BRENT ELEIGH, St. Mary (TL 942 483)     (October 2001)

(Bedrock:  Neogene to Quaternary, Crag Group)

The church (seen above, from the southeast) consists of a short W. tower rising in two stages, a nave with S. aisle and S. porch, and a chancel.  That much of the building is Decorated is shown by the aisle windows with reticulated tracery and by a N. window to the nave with trefoil-cusped lights and cruciform lobing set vertically.  Perhaps the arcade, of double-flat-chamfered arches springing from heavy octagonal piers, still has more of the thirteenth century about it, but the tower and chancel arches belong to the fourteenth, the former with hollow chamfers on the inner two of its three orders and the latter with two quadrant mouldings on the inner order.  The tower itself is diagonally buttressed and has cinquefoil-cusped, Y-traceried bell-openings.  The S. porch has two-light, square-headed side windows with uncusped ogee-headed lights and an outer doorway bearing two flat chamfers.  The tower W. window, two nave N. windows and two chancel S. windows, are Perpendicular insertions.  The chancel E. window is Victorian and was constructed in 1857 when a library of c. 1700 that previously abutted this end of the church, was demolished.


Much more significant than any of the masonry though, is the church woodwork, beginning with the fine S. door (shown left) with superimposed eight-light reticulated tracery, making it a rare example of a door of unambiguously early fourteenth century date.  The church interior is distinguished especially by the box pews, with which the nave and aisle east of the S. door are fully furnished.  Mainly eighteenth century work with plain rectangular panels, they nevertheless include a few on the N. side (at the E. end) of Jacobean date, as shown by their rectangular rather than moulded muntins, and their decorative carving.  The E. end of the S. aisle is divided off to the west and north by parclose screens, with trefoil-cusped lights and open trefoils and quatrefoils above, the lights separated by shafts that are round but not turned.  These could be contemporary with the S. doorway. The Jacobean pulpit (shown right) is a simpler version of that at Little Waldingfield, being also carried on a tall circular stem and having a wide cornice decorated beneath with leaf scrolls.  One of these pulpits has definitely influenced the other if, indeed, they are not by the same carpenter.  Also Jacobean and quite unusual is the little font cover (see the thumbnal, right), shaped like a tower lantern, with turned supports.  This is at once both homely and attractive.  The font below is less distinguished but it is clearly a thirteenth century piece, suggesting an early date for the S. arcade cannot be ruled out.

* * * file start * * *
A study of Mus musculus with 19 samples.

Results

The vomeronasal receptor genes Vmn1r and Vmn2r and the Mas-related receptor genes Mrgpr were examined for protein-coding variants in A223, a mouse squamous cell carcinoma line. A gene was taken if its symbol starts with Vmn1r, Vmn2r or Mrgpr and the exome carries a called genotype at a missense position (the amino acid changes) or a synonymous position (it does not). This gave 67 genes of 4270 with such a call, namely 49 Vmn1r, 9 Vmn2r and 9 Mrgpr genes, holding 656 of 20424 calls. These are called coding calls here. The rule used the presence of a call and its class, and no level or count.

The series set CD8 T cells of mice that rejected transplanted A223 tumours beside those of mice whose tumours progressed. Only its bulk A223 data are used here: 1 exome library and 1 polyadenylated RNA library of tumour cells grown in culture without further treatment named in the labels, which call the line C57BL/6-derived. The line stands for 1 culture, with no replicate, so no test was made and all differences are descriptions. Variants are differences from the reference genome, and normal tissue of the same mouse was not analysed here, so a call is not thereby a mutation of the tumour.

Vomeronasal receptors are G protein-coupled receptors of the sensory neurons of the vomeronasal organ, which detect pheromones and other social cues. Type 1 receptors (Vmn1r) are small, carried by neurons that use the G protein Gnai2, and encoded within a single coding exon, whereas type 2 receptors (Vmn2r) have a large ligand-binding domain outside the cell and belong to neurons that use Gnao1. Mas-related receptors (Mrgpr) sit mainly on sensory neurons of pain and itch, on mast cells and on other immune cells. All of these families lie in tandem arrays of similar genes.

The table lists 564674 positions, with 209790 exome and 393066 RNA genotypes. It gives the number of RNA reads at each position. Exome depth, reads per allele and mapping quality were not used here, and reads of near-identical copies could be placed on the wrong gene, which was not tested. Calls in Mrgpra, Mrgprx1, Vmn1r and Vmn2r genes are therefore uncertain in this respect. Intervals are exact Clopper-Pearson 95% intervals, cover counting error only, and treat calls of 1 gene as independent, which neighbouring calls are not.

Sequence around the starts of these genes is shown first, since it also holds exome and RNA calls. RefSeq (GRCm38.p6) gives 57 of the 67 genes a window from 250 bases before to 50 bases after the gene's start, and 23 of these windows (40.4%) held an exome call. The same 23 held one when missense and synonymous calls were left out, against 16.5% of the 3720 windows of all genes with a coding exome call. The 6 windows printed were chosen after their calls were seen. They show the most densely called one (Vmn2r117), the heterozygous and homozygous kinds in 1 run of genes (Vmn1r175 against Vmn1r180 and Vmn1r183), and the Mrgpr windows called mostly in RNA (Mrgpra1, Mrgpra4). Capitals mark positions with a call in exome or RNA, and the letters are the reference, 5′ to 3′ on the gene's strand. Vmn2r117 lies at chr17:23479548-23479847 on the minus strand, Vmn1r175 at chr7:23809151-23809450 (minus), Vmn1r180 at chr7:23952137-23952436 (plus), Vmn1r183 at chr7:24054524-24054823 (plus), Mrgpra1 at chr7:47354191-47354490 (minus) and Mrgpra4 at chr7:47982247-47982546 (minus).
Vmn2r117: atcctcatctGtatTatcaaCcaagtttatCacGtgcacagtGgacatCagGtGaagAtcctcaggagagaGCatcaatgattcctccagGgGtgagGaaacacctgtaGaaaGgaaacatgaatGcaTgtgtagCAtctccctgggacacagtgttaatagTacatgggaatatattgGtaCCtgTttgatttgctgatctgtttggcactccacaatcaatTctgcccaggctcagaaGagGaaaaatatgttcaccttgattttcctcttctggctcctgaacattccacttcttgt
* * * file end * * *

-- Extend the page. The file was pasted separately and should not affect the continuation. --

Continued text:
Around the E. window are fragments of mostly fourteenth century wall paintings which notes in the church describe in detail, although the average visitor will find it hard to be excited by them.  Much more striking is the large monument to Edward Colman (d. 1731) against the chancel N. wall, signed by Thomas Dunn (c. 1676-1746).  Dunn was a master-mason as well as a sculptor, responsible for several London churches (see the Dictionary of British Sculptors: 1660-1851 by Rupert Gunnis, pub. The Abbey Library, 1951).  This monument is one of only two signed by him and features a fine effigy of Colman reclining on his elbow, on top of his tomb chest and beneath a grey alabaster pedimented arch.  Putti sit upon the pediment while another floats on a cloud inside the arch.  It is very sentimental, but its sensitivity and humanity must have come as a welcome relief after the monumental style of the seventeenth century that seemed much more concerned to invoke feelings of awe and horror than to commemorate its subjects.